Over the last few weeks, a few notes for blog posts have accumulated here that don’t really want to fit together. They probably won’t any more, so they’re just going to appear here.

Cycling in the drizzle #

In Copenhagen, you can cycle in almost any condition - whether it’s sunny, when the wind is blowing heavy gusts from the sea onto the land or even when it’s raining. In a few months’ time, I may also be able to tell you what it’s like when it’s snowing - but probably no different, if the internet is to be believed. My second favourite weather for cycling is the moment when a light drizzle sets in. The absolute best cycling weather is when this light rain stops, the sun comes out and the whole city starts to shine golden.

Even more cycling #

Here is a very interesting infographic on the subject of “Cycle City Copenhagen”, which recently made the rounds in my Copenhagen filter bubble. Fun fact: All Copenhageners together cycle more than 1000 times around the world - every single day.

Municipalities #

Some time ago, I spontaneously signed up for a tour of Copenhagen City Hall. Until then, I had only seen it from the outside - a large brick block with golden decorations and little monsters outside the door. However, as I discovered, there is much more behind the fa├žade than initially meets the eye. Our tour guide explained in detail how the citizens of Copenhagen themselves built the town hall in a very short space of time as an act of resistance against the Danish king. The idea of communes, which reminded me very much of a community of citoyens, can be found again and again in the architecture and furnishings: self-confidence and independence, especially in relation to the royal house, are recurring elements. And when the king (or today: the queen) visits the town hall every year, they have to follow a traditional and fixed route past all the little symbols with which the citizens of Copenhagen wanted to demonstrate their independence. In addition to this emancipatory symbol, there are repeated references to the Nordic world of legends and myths. Great tour and, above all, a great tour guide - I came without expectations and was completely surprised.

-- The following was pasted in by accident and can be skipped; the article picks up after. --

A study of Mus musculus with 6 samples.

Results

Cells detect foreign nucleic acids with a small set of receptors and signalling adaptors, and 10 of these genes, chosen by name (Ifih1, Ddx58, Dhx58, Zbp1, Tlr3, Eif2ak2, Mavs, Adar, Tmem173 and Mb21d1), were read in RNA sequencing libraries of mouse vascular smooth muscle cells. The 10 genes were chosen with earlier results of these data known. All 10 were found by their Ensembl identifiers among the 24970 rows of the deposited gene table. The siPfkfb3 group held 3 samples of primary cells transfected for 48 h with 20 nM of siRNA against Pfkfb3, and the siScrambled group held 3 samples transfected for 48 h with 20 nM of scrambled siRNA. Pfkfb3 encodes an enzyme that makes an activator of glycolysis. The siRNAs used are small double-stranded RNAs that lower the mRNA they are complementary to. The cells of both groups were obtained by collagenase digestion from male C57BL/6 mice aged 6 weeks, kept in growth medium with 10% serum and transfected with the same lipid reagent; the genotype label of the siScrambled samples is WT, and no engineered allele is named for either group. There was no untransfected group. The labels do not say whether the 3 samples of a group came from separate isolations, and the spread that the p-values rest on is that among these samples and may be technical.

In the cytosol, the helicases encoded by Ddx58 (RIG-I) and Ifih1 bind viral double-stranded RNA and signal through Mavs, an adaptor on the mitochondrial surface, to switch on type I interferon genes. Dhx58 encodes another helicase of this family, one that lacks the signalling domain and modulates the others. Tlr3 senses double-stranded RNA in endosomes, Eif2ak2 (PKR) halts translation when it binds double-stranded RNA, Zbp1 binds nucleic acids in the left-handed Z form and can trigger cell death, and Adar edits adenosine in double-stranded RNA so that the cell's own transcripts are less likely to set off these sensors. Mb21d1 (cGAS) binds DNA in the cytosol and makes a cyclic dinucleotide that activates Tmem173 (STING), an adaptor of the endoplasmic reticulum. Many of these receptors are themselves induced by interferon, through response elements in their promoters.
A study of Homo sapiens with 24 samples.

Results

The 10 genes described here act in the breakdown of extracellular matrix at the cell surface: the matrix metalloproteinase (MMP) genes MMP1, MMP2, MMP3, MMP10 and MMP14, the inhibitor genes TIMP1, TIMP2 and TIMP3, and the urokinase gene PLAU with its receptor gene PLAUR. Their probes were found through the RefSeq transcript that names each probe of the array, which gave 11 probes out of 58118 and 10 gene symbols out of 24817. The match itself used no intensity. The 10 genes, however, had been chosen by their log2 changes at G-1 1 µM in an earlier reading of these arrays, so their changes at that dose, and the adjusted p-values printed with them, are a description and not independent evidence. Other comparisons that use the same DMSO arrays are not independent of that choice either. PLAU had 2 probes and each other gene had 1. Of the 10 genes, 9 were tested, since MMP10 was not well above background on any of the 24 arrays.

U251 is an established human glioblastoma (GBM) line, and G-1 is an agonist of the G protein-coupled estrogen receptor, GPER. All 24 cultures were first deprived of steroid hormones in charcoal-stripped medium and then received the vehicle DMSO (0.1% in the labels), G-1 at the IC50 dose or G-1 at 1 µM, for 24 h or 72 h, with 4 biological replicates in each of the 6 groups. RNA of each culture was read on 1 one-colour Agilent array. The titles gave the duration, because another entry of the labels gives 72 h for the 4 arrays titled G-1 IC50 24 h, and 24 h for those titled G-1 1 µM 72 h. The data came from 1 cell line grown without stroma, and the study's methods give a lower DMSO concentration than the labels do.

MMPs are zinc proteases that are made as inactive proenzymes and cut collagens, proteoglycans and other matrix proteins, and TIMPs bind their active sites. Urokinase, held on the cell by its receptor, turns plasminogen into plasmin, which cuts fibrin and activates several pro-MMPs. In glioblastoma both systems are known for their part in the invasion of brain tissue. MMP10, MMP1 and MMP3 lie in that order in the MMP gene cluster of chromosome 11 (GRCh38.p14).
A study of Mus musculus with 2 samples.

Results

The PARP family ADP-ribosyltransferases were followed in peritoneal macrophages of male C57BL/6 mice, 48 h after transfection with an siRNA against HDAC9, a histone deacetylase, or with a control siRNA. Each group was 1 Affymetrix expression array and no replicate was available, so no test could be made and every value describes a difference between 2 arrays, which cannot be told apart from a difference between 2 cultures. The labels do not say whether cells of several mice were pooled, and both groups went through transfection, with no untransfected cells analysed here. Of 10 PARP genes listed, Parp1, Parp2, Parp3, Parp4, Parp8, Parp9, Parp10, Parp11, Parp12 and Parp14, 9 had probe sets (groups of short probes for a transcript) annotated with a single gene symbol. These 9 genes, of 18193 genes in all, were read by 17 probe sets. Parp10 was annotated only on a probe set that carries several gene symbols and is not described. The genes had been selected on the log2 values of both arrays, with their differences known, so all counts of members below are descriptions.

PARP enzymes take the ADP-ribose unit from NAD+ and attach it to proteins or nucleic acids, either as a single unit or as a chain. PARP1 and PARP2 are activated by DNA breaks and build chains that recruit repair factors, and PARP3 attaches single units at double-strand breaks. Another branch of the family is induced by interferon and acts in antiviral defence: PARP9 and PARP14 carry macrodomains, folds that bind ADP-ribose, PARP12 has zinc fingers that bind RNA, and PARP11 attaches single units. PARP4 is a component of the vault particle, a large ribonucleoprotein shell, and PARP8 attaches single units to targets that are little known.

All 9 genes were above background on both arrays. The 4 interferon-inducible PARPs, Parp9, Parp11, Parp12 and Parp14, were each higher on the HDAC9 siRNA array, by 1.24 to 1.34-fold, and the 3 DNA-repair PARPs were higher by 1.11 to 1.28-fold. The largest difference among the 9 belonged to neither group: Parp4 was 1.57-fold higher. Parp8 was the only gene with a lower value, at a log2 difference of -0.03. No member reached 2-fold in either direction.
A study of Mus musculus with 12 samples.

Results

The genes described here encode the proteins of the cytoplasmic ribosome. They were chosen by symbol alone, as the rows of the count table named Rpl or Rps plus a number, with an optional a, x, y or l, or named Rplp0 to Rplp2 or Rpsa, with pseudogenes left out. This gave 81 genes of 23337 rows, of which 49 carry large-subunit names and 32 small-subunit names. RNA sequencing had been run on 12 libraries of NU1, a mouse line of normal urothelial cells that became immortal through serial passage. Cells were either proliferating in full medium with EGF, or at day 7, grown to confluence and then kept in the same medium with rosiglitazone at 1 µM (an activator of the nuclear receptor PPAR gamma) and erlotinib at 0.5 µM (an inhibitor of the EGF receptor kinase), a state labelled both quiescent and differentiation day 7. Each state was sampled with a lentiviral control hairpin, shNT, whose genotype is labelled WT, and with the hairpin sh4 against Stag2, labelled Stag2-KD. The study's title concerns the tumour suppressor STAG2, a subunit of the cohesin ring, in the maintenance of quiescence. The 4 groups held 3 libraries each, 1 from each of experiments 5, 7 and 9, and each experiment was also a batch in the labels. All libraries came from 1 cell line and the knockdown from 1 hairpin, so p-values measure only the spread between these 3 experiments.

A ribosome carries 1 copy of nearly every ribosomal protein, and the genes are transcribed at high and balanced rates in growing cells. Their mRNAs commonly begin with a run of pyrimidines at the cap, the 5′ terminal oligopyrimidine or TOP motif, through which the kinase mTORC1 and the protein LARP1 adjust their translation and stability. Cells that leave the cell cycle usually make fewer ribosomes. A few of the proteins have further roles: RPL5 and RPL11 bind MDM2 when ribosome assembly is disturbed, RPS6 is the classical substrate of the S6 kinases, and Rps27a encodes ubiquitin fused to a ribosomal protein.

Monk’s Brew #

My best friend M. was in town for a visit at the weekend. We made a relatively spontaneous stop at the university early on Friday evening, where there is a “Friday Bar”: Beer from a small Copenhagen brewery is served from around half past two, students and staff meet up after their last event and start the weekend with a beer in company - a very nice way to get together. The sun was shining beautifully, we were in the neighbourhood on the way home anyway and stopped by spontaneously. In the meantime, some of the beers were already sold out, I avoided the somewhat strange-sounding names on the menu and ordered something relatively conventional-sounding: Monk’s Brew. When we held the result in our hands, however, a glance at the label was a bit of a surprise: it had an impressive 10% alcohol content. The taste is not dominated by the alcohol, thanks to the malt and sweetness. Very tasty beer, but one bottle on an empty stomach (we were on our way home to cook something) is enough to leave you feeling noticeably buzzed.